We will experience a growing trade deficit with cyberspace as we deposit far more data than we can ever withdraw, but that's not to say that exports won't be equally fascinating as we design new interfaces to networked information. After all, the future of interface is not just about huge flat panel monitors and tiny PDA screens. It's about listening to your car navigation system. It's about reading the New York Times on e-paper. And if David Rose has his way, it's about feeling your email. Let me explain.
I first met David Rose in 2002 at the AIGA Experience Design Summit held at the Bellagio Hotel in Las Vegas. David is founder and chief creative officer of an MIT startup called Ambient Devices . At the conference, he captured our attention with a brilliant show-and-tell featuring a colorful array of products and prototypes. First up was a beautiful frosted glass orb that slowly transitions between thousands of colors to show changes in the weather, traffic, or the health of your stock portfolio, shown in Figure 4-16. Simply plug the orb into a power outlet, and it's instantly up and running on a nationwide wireless network. Then, visit Ambient's web portal to customize your orb. You can even track news, pollen forecasts, and the presence of colleagues on Instant Messenger. Designed to leverage the cognitive psychology phenomenon of pre-attentive processing, this crystal ball delivers glanceable, back-channel information. This is calm computing at its best.
But David didn't stop with the orb. He had a whole table full of groovy gadgets, including an inbox-connectable pinwheel that spins faster and faster as your messages pile up (until the hurricane force compels you to check email) and a web-configurable health watch to remind people when to take their
prescription medicines. It didn't take long for us to appreciate the full potential:
Ambient's vision is to embed information representation in everyday objects: lights, pens, watches, walls, and wearables. With Ambient, the physical environment becomes an interface to digital information rendered as subtle changes in form, movement, sound, color or light.[*]
Tangible Bits, our vision of Human Computer Interaction (HCI), seeks to realize seamless interfaces between humans, digital information, and the physical environment by giving physical form to digital information and computation, making bits directly manipulable and perceptible. The goal is to blur the boundary between our bodies and cyberspace and to turn the architectural space into an interface.[*]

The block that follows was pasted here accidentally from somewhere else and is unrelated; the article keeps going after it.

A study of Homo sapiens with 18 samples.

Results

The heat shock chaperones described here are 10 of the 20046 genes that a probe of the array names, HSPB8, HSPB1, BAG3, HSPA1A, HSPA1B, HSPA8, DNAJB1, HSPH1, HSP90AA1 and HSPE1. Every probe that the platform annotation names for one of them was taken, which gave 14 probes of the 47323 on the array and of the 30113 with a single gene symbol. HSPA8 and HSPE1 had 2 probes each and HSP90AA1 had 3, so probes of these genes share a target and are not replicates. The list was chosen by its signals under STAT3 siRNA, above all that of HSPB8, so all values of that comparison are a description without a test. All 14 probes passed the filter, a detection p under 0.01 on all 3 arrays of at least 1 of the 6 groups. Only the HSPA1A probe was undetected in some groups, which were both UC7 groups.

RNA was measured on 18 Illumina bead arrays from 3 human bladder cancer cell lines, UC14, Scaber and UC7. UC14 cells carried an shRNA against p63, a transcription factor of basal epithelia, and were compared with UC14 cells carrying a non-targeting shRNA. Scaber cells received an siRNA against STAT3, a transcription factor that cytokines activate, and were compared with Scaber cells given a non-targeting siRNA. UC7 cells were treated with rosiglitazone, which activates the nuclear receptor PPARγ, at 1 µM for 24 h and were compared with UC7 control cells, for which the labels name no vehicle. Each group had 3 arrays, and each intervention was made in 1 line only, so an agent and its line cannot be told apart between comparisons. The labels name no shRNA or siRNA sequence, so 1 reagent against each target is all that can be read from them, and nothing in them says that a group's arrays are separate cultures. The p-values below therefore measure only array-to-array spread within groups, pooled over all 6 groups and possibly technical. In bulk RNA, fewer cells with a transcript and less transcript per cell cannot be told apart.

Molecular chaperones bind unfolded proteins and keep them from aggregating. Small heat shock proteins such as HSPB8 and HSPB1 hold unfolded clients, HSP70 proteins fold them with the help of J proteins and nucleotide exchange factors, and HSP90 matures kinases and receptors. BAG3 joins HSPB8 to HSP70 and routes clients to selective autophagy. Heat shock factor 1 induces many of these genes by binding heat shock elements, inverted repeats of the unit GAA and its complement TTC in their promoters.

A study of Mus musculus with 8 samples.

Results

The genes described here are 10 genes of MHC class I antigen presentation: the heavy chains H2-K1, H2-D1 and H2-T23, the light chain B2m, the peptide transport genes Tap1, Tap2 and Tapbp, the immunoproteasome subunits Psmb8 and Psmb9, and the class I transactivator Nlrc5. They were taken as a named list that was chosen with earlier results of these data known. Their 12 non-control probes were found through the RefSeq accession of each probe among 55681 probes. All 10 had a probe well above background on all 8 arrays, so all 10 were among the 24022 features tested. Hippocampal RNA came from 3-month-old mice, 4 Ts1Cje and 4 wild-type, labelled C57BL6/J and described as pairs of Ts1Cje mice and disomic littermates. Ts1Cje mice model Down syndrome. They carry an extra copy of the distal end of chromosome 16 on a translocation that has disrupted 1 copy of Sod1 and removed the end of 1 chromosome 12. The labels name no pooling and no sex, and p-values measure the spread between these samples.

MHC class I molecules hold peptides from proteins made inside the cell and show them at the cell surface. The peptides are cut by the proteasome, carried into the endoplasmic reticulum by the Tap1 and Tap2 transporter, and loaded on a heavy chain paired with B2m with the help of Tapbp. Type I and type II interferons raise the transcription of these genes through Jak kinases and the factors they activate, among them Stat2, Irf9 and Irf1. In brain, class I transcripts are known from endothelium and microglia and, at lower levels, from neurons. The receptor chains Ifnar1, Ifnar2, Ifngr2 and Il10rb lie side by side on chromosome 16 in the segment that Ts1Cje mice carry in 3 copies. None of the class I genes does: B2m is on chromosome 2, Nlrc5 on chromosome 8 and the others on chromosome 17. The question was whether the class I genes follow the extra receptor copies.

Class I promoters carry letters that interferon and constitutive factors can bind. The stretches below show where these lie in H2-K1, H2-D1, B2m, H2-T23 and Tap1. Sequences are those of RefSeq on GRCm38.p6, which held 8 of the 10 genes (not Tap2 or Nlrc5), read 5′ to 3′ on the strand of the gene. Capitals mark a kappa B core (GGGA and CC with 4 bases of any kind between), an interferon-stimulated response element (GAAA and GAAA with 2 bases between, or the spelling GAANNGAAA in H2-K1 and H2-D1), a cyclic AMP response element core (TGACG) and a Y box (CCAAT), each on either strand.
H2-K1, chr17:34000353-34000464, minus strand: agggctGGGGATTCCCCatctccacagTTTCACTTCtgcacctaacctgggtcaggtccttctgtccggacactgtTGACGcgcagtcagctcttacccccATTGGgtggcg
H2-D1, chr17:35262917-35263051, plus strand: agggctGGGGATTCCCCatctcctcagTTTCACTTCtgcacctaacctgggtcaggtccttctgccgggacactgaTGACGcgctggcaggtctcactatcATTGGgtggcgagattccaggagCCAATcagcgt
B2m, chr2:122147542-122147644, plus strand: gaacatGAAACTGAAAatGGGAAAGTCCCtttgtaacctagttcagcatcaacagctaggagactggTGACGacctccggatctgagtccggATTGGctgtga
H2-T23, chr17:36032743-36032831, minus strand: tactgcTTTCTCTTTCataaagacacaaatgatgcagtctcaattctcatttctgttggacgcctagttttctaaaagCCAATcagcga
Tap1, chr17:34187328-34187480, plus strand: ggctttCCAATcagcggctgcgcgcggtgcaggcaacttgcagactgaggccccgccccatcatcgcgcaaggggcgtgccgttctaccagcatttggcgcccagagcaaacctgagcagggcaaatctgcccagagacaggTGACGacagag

Hiroshi's group has created a whole slew of exhibits and prototypes to illustrate the possibilities of tangible user interfaces. They include:
Graspable user interfaces that allow direct control of virtual objects through physical handles called "bricks."
A pair of interactive, Internet-enabled picture frames for emotional communication. When a user touches their frame, the other's frame lights up.
Three corked bottles that serve as containers and controls for the sounds of the violin, the cello, and the piano, shown in Figure 4-17.
Unfortunately, it's hard to convey the rich, dynamic, interactive nature of tangible bits through print media. Direct experience is ideal, but the project videos available at http://tangible.media.mit.edu/ are the next best substitute.
Meanwhile, not so far away physically or philosophically, Jeffrey Huang at Harvard's Graduate School of Design has been exploring the intersection of the Internet and architecture. As a proof of concept in "convergent architecture," Huang worked with the architect Muriel Waldvogel to build the Swisshouse, a new type of consulate that connects a geographically dispersed scientific community. Persistent audio-video linkages and "web on the wall" are among the innovations used to build a bridge between academic institutions in the greater Boston area and a network of universities in Switzerland. The physical building serves as a large interface for knowledge exchange and as a testbed for studying telepresence, remote brainstorming, and distance learning.
In Digital Ground, University of Michigan professor Malcolm McCullough explores the emerging relationships between physical and digital architectures:
The built environment organizes flows of people, resources, and ideas. Social infrastructure has long involved architecture, but has also more recently included network computing. The latter tends to augment rather than replace the former; architecture has acquired a digital layer.[*]
At this point of intersection, McCullough believes the study of how people deal with technology and how people deal with each other through technology will be central to success, noting "as a consequence of pervasive computing, interaction design is poised to become one of the main liberal arts of the twenty-first century."